Over the years we have become recognised as the peak consumer disability organisation in Western Australia and numerous organisations and government departments regularly consult with us. Our mission statement today reads, “Empowering the voices of people with disabilities in Western Australia”.
A wide range of issues are brought to us, particularly those affecting individuals. Some of these we identify as issues for systemic advocacy. These can vary from issues related to travel, access, family law, criminal prosecution, immigration, education, accommodation and respite, social security benefits and entitlements, ombudsman, aids and appliances, disability related costs, compensation, grants and many others.
Over the years we have addressed numerous issues at a systemic level. These have generally focused on the issues which impact on the day-to-day lives of people with disabilities and practices and policies that exclude them such as health, education, community housing, access, transport, mental health, multipurpose taxi schemes, attendant care, service provision plus the National Disability Insurance Scheme.
People with Disability WA (PWdWA) was originally conceived in the year leading up to the International Year of Disabled People (IYDP) in 1981.
In 1980, a small group of people tendered a submission related to the IYDP for a computer, to set up a database that volunteers would operate. This submission was successful and the next stage was to find a home for the computer and a base from which to operate. A place was found in the old library in Leederville and the people involved were able to use half the library.
1981 – International Year of Disabled People
The excitement and high expectations around the changing social and political environment in 1981 raised government and the community’s level of awareness of people with disabilities. It also highlighted the many problems people with disabilities faced in taking an equal place in Australian society.
In early 1981, a committee was set up calling itself DASH – Disabled Advocates and Self Help. The committee consisted of nine people, all but one with a disability.
The perceived need at that time was for an umbrella organisation, which could provide guidance and information about community services and facilities available to people with disabilities and their families.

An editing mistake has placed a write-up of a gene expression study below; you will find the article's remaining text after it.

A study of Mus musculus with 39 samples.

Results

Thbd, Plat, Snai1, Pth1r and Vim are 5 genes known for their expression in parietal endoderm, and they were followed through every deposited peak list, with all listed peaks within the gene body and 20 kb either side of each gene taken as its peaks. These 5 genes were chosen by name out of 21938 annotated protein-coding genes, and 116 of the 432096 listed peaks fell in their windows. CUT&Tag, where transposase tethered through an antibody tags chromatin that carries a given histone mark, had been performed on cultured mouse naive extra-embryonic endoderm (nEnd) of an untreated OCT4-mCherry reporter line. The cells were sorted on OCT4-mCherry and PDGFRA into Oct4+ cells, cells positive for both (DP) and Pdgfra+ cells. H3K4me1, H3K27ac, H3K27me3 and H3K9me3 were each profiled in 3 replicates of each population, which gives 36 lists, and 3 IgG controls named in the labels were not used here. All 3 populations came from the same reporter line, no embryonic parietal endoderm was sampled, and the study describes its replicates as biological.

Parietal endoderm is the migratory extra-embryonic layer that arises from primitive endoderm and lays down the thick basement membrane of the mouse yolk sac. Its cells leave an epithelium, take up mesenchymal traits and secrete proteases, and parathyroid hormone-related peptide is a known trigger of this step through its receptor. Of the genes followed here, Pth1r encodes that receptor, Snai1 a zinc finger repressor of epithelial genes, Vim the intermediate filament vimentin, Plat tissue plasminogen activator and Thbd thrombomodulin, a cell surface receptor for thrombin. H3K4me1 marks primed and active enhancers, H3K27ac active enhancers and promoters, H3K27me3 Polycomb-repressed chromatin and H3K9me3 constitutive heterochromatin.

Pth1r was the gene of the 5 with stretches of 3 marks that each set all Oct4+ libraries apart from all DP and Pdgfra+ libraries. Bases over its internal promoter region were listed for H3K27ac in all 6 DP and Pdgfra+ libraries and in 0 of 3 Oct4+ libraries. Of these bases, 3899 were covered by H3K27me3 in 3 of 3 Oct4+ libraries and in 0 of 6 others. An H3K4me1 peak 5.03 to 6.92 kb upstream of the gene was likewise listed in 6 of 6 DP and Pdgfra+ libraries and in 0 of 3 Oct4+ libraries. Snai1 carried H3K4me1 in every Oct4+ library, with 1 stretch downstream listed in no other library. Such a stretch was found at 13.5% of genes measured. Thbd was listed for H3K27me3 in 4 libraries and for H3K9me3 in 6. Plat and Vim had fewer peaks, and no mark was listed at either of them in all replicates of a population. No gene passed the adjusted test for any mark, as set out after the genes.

On 9 March 1982 DASH was registered as an incorporated association under the Associations Incorporation’s Act. This was the forerunner of PWdWA.
Finding funding for the new group was difficult and many short term “grants in aid”, mainly from the Department of Community Services, were obtained to keep the organisation going.
The first real funding commitment for DASH was the establishment of the Disability Resource Centre. This took place in March 1984. DASH acted as the sponsoring and controlling body of the Centre, which collected and shared information on all aspects of disability and related issues and increased the role in the area of advocacy.
One of the key objectives was to “enhance the degree of control which disabled people need to acquire over their own services”. This quote is from an early description of the goals of the new body.
In December 1985 DASH amalgamated with two other disability agencies, the Disability Information Service Council and the Western Australian branch of Disabled Peoples’ International (Australia). From this amalgamation, the Constitution of People With Disabilities (WA) Inc. was formed on 25 June 1986.
One of the major principles, which the organisation was founded on, is still a key feature, that it’s managed by people with disabilities. The original idea was that it would be a self-help group based on the disability rights movement and would be representative of people with disabilities. This would make sure that people with disabilities would always drive the organisation and it would be focused on consumers.
PWdWA continued to manage the Disability Resource Centre as the service provision part of the organisation and after being in Applecross and Cottesloe, the Centre was relocated to the Department of Community Services building at 189 Royal Street in East Perth in July 1987.
By 1991 PWdWA had four full time staff. Because of the Commonwealth and State Disability Agreement, signed in July 1991, which made both levels of government responsible for advocacy, PWdWA was jointly funded by the Disability Services Commission and the Department of Human Services and Health.
In January 1993, PWdWA moved to new premises in Oasis Lotteries House at 37 Hampden Road in Nedlands.
In 2014, PWdWA joined Advocacy Western Australia and Sussex Street Community Law Service Inc to continue to provide state funded individual advocacy services. We continue to be funded by Department of Social Services under the National Disability Advocacy Programme for individual advocacy and systemic advocacy.
We are still a strong member-based organisation and membership is open to all people with disability in Western Australia for free.
You can find out more on our annual reports page.